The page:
It was the Moon. It was illuminated at roughly 85-86% as seen from low Earth's orbit at the time of deployment, so pretty bright, and roughly directly overhead of the Americas. Deployment camera was pointing more or less backwards with respect to upper stage's velocity vector and the upper stage was tracking roughly over the Atlantic ocean West of Europe 17 minutes into the launch. Earth's, Moon's and Sun's geometry, made with Solar System Scope orrery for exact time and in realistic size mode centered on Earth, looked like this:
Note that how the Moon appears to track relative to the camera's frame also depends on upper stage's own attitude during deployment, not just orbit's geometry. Its orientation relative to the Earth would slightly change in between each deployment stage. To appreciate this easier, here's the video at roughly the time that the image in your question displays:
Short of having an officially made ground track so we can see precisely over which area Orbcomm OG2 satellites were deployed, here's a simulated ground track, made with Flight Club simulator that should be fairly close to the real deal:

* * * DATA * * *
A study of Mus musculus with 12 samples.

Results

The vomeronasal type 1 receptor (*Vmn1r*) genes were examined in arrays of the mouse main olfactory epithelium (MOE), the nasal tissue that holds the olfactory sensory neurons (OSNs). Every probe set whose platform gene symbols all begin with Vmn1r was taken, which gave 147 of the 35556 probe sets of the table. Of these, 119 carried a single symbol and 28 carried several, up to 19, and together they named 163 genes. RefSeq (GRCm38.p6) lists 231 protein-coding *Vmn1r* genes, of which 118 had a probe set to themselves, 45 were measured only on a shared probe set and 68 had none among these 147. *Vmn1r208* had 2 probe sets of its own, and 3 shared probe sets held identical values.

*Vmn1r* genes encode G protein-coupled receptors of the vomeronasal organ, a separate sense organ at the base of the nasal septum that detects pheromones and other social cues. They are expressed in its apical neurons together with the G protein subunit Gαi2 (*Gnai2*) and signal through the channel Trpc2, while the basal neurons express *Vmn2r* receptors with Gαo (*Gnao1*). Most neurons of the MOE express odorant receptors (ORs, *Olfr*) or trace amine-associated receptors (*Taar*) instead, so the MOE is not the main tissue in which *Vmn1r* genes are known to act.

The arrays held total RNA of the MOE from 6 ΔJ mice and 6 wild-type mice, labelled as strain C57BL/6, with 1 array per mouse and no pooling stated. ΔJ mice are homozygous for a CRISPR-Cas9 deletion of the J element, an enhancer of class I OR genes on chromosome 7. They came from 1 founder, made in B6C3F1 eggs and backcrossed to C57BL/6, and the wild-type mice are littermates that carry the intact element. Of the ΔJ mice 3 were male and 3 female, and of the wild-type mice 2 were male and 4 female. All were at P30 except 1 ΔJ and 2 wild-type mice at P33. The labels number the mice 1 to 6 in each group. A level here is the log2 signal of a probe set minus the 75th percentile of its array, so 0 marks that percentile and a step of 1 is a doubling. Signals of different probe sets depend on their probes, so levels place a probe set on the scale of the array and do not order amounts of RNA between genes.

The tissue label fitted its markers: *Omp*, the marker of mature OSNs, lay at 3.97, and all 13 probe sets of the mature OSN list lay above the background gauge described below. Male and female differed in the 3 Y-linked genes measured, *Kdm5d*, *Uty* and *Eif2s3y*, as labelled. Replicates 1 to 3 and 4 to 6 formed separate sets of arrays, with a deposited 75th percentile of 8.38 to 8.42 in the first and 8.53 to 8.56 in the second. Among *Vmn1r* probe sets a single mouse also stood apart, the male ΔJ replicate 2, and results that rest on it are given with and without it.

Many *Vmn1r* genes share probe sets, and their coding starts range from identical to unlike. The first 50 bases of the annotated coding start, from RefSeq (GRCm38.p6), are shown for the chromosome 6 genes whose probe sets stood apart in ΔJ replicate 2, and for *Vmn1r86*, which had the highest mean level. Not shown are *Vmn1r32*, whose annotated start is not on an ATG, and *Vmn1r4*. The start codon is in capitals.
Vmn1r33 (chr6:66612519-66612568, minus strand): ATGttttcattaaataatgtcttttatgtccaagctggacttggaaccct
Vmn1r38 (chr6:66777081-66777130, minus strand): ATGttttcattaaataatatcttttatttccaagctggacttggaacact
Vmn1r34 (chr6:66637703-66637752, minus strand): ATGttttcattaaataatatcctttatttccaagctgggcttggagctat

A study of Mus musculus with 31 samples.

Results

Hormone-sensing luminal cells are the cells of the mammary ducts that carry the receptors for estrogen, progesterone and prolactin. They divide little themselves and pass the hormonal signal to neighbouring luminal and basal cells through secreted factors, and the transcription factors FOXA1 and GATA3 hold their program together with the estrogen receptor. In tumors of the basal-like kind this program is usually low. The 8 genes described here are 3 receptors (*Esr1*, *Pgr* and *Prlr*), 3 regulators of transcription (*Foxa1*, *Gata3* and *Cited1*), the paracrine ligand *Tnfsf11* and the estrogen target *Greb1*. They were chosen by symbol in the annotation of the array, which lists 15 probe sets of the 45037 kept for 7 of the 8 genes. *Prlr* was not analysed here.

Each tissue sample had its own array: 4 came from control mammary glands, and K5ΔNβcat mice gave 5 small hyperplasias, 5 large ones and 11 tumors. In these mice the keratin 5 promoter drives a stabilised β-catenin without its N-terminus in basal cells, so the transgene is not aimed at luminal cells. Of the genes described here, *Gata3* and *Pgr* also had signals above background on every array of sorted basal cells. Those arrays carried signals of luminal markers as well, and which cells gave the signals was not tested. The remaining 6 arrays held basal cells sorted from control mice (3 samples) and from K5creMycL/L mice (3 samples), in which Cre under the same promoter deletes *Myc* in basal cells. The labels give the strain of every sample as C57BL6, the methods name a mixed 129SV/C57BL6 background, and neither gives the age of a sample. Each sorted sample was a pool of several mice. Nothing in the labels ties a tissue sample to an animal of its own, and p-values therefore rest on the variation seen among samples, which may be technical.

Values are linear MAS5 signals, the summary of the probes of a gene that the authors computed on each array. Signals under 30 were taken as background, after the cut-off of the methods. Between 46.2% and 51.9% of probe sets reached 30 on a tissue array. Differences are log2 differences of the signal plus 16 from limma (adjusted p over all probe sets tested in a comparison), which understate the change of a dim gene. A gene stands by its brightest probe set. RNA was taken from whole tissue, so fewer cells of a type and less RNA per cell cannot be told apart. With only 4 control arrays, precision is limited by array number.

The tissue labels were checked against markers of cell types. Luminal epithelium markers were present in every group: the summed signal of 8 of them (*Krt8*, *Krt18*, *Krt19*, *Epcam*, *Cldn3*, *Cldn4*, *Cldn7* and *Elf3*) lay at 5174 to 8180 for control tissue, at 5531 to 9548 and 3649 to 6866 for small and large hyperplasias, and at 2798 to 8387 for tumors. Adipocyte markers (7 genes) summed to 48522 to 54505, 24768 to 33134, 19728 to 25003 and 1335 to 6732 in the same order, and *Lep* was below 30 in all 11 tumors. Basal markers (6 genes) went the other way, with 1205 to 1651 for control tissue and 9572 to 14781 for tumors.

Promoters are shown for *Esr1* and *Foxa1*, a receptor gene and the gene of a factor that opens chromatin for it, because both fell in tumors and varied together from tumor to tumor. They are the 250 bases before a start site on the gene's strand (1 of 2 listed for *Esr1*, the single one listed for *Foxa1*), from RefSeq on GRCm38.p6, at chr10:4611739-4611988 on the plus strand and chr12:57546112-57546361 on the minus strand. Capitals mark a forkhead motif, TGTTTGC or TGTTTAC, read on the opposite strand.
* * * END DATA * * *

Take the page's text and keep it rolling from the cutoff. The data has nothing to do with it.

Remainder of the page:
Small things flying away from the main body are mostly transient debris from the upper stage and payloads themselves, things like droplets of hydraulic fluid or actuators pressurization gas (depending on design) for the stage engine's gimbals, lubrication oils of the deployment system to prevent cold welding (stiction) of similar metallic surfaces or friction of the spring release mechanism, residual fuel from reaction control system thrusters firing up, ice condensed on cryogenic surfaces now exposed to vacuum chipping off as its surface starts outgassing, and similar volatile fluids that would "bake-off" and disperse in the heat of sunlight as soon as their orbit enters daylight (at that altitude, one orbit is approximately 97 minutes long). And some of it would be camera noise and you're seeing ionizing radiation striking its sensor.
But short of an unexpected event, there wouldn't be many, if any at all long-lasting orbital debris released by the deployment mechanism or the upper stage itself once they've all reached orbital speed, since a lot of effort is made to reduce the number and long lasting impact of orbital debris. But if there will be any, we'll see soon enough either via NORAD Orbital Debris Catalog and/or UNOOSA Index of Objects Launched into Outer Space, which is a registrar that all member state parties to the Outer Space Treaty report to.